Friday, March 12, 2010

Tigress Can Jam - Roasted Garlic Syrup

Strong and tangy and spicey, and a lovely clear golden color, but it isn't jelly... If I thought carrots were a challenge, alliums were even more so; I adore pretty much every one I've ever met - but it was difficult finding something that wasn't pickled onions, and was safe to water-bath. If it'd been later in the year, I'd have tried to make pickled garlic scapes, a delicious alternative use for the harvested stems, and one of the very few pickles that I actually like. But alas, at this time of year my garden garlic is just barely aboveground.

Roasted Garlic Jelly, from the Ball Complete Book of Home Preserving, sounded like it would be unusual and delicious, and this month, I'd hoped a tangy savory clear jelly would be my reward. My last three heads of garlic that were grown by my beloved Mud Bay friends seemed like the perfect place to start -
3 medium bulbs of garlic
1 T olive oil
1 T balsamic vinegar
1 C dry white wine
2/3 C water
1/2 C white balsamic vinegar*
1 t whole black peppercorn, crushed
(I used a peeled sliced teaspoon-sized nubbin of fresh ginger)
3 T lemon juice
3 C granulated sugar
2 envelopes liquid pectin
(I used Pomona's Universal Pectin, 1 3/4 t pectin powder, 1 3/4 t calcium water)

Cut off tops of garlic heads and place each head on a small square of foil set on a baking sheet. Top each head with 1 t oil and 1 t balsamic. Scrunch foil loosely around garlic heads and roast until garlic is golden and very soft (about 40 minutes @ 400F). Let stand until cool. Separate cloves pinching each one to extract garlic. Discard the skins.

In a medium saucepan, combine garlic, wine, water, white balsamic vinegar, and ginger. Bring to a boil over medium heat. Reduce heat and boil gently for 5 minutes. Cover, remove from heat and let steep for 15 minutes.

Transfer garlic mixture to a dampened jelly bag or a strainer lined with layers of damp cheesecloth. Let drip 30 minutes. Measure out the pectin powder, and in a dry bowl, add it to the sugar and mix thoroughly.

Measure 1 2/3 c of garlic juice. If you don't have the required amount add up to 1/4 c dry white wine or water. Transfer garlic juice to a large deep saucepan. Stir in lemon juice and calcium water, then stir in the pectin-sugar mixture. Over high heat, stirring constantly, bring to a full rolling boil that cannot be stirred down. Boil hard, stirring constantly, for 1 minute.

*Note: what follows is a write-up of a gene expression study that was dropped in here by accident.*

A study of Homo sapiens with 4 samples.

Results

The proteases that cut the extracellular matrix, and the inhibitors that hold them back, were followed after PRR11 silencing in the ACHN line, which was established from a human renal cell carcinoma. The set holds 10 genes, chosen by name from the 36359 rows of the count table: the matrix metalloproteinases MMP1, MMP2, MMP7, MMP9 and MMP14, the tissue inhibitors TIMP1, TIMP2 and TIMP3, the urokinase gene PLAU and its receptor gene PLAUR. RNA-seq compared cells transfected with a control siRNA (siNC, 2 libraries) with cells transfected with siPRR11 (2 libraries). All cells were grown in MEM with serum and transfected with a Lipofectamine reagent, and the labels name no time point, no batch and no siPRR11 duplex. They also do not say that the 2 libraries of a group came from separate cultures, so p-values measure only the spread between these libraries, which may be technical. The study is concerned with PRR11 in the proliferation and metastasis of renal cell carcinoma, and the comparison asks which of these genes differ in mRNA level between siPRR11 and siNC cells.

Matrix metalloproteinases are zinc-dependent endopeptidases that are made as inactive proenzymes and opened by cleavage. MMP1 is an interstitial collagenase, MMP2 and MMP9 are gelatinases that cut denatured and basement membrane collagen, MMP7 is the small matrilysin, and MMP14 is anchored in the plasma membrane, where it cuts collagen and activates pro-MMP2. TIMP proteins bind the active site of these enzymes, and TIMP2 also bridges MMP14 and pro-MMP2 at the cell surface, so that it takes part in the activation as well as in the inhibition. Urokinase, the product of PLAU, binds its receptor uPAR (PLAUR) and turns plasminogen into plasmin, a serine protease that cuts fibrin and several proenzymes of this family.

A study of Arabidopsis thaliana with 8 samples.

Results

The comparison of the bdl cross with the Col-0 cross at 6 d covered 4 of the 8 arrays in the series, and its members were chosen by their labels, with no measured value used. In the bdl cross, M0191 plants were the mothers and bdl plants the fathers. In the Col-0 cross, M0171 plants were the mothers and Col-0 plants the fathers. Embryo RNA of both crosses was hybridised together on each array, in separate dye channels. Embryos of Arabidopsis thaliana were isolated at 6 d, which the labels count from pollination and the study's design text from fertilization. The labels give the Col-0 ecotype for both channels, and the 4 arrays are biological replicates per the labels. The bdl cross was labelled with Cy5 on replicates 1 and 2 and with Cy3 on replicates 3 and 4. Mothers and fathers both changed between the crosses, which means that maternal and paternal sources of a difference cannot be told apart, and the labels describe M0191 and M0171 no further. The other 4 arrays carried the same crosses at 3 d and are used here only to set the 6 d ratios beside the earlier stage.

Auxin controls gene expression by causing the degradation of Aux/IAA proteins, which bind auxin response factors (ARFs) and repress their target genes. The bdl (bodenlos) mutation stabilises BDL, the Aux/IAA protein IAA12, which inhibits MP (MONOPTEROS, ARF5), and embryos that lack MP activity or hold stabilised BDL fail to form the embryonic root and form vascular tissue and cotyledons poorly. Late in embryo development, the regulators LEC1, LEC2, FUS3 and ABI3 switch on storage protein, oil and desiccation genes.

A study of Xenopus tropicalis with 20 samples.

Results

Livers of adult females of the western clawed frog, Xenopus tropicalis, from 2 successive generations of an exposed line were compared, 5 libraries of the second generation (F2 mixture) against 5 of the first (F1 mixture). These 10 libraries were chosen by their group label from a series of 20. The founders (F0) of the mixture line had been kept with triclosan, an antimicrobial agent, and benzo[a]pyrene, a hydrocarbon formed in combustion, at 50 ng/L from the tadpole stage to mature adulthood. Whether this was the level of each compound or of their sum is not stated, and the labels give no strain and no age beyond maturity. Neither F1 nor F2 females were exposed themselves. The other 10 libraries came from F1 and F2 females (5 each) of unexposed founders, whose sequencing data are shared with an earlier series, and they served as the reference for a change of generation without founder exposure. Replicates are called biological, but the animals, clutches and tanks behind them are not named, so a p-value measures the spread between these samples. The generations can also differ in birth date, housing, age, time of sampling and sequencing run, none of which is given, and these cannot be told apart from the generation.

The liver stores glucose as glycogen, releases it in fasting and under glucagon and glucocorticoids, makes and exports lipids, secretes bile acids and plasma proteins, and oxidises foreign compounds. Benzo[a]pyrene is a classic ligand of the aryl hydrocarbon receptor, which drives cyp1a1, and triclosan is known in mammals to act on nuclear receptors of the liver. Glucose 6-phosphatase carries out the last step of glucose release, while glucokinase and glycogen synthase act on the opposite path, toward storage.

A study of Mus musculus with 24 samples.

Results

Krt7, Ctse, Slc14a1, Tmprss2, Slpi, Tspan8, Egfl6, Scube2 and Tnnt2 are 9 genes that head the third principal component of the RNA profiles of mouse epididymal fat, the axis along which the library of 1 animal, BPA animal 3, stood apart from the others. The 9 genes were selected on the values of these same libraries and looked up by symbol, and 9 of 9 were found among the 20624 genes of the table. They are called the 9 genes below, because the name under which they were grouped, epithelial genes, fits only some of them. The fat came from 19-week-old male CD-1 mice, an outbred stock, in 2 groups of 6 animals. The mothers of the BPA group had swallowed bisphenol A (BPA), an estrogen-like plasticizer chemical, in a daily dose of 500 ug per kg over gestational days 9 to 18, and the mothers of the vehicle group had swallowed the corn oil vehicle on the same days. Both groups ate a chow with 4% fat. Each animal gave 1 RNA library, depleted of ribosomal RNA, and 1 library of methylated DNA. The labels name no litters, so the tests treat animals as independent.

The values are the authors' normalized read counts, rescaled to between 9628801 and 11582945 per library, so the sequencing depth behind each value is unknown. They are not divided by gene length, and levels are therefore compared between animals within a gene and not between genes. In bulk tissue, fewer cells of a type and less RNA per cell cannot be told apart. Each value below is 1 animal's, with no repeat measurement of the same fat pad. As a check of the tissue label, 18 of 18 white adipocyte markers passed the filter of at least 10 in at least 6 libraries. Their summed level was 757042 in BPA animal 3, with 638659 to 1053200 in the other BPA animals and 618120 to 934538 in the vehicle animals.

Quickly pour hot jelly into hot jars leaving 1/4" head space. Put lids and rings on, put into canner, bring to boil and process 10 minutes. The books suggested that you would get 9 4 oz jars; I got seven, plus a half jar that went right into the fridge for taste testing later this week...

It appears that this did not set up properly, I'm still figuring out how to use the pectin supplement. Rather than un-seal all the jars, which seems rather wasteful, I'm going to call this a roasted garlic syrup, since what I primarily wanted was something that could be used as a glaze or marinade ingredient anyway.

*I'd never heard of white balsamic vinegar, which appears to be a mixture of white wine vinegar and grape must, but it was easy to find at Trader Joe's. The recipe notes, in the Ball Complete Book of Home Preserving, say that you can also use regular balsamic vinegar, but the jelly will be darker.


  1. Take heart! Some of the best things I've ever canned started as "failed" jam! This sounds particularly lovely - the kind of thing that would be drizzled over a posh canape and topped with a Parmesan crisp or lightly poured into an omelet pan just before the eggs. I bet it'd be great brushed on veggies as they grill, too. I might have to go ahead and try your variation for myself!

    - Marsha

  2. This looks interesting! I'm sure it's really taste as a glaze!

  3. If this was intended as a glaze from the beginning, I'd simply skip adding the extra pectin. If I make this again, that is what I will do, and in addition I will use less sugar in proportion to the wine/vinegar... I tried it last night to season a stir-fry, and with the addition of soy sauce, it worked quite well.

  4. Hi! I seem to have misplaced your email. Are you still making lacing tips/aglets?